Photography has evolved a great deal since the 1800s: from metal plates to paper, from black-and-white to color, from film to digital. But the process has never changed: aim, focus, shoot.
Two years ago, a startup company called Lytro came up with a way to change that sequence. Its $400 camera let you aim, shoot — and then focus, after you’d taken the shot. Once the picture was on your computer, you could adjust which parts were sharp and which were blurry.
People viewing the photos could change the focus, too. So you could post a picture online — on Facebook, let’s say — and then followers could play around with your “living picture,” focusing on different elements by clicking.
Here, try it yourself. Click the background. Then click the foreground.
Refocusing after the fact was a revolutionary idea; the Lytro camera was showered with awards, headlines, and hype. (Here’s Wikipedia’s explanation of how it works.)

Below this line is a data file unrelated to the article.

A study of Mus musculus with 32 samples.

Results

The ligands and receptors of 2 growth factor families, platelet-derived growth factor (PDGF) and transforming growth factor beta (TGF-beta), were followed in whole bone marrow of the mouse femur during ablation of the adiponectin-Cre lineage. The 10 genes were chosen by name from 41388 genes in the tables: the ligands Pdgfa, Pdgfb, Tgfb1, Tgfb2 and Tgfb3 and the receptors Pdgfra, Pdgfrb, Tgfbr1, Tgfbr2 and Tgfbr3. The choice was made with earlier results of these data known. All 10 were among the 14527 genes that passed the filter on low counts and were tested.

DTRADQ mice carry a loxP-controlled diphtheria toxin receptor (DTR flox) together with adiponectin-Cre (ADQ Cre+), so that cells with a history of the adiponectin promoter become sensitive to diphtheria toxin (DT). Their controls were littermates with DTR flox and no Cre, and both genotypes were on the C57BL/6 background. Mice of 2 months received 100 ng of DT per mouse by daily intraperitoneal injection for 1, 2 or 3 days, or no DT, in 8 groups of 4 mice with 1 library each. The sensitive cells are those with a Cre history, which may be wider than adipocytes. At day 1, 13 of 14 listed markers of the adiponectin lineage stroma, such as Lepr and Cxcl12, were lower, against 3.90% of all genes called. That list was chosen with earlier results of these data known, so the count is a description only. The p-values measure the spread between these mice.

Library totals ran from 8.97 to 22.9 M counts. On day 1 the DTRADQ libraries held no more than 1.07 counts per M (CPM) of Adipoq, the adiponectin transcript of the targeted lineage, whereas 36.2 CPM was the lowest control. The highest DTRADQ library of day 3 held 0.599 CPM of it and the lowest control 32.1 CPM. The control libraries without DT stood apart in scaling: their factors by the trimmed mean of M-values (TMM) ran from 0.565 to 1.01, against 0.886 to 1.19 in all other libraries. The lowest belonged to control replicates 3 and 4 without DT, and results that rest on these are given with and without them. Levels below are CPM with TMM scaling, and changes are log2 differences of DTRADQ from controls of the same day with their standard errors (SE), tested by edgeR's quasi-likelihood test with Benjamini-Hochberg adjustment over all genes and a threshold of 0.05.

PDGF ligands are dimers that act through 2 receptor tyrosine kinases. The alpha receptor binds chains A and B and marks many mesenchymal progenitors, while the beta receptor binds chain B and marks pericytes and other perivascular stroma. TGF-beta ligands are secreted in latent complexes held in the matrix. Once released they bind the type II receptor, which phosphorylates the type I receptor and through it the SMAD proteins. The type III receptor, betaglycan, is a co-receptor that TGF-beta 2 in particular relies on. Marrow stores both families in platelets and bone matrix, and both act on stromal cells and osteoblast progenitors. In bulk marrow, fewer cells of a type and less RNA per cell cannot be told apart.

After many delays, the Lytro camera finally came to market in 2012. We’ve established that it was a technical breakthrough, right? Well, in the market, it sank like a stone.
Time to refocus this product.
In two years, I’ve never seen a single person using a Lytro camera. And I’ve never seen a single refocusable picture on Facebook or Twitter.
There were so many problems with the first Lytro. You couldn’t swap the batteries. You couldn’t swap the memory card. You couldn’t record video. The print resolution was only 1.2 megapixels. The camera’s viewscreen was tiny and coarse.
Above all, the public had trouble seeing the Lytro trick as more than a parlor stunt. It’s cool that you can sharpen the background of a photo as you blur the subject — but why would you? Most of the time, isn’t a photo supposed to be a picture of something? When would you want anything but the subject to be in focus?
Lytro licked its wounds and returned to the lab. Now, two years later, it’s back with another model, called the Lytro Illum (“il-LOOM”). The minute you see this thing, you know that Lytro has been doing a lot more refocusing — and, this time, it has refocused the whole purpose of its existence.
Meet the Illum
This camera is big (3.4 × 5.7 × 6.5 inches), heavy (2 pounds), and expensive ($1,600). But, otherwise, every aspect of it is an improvement over the original.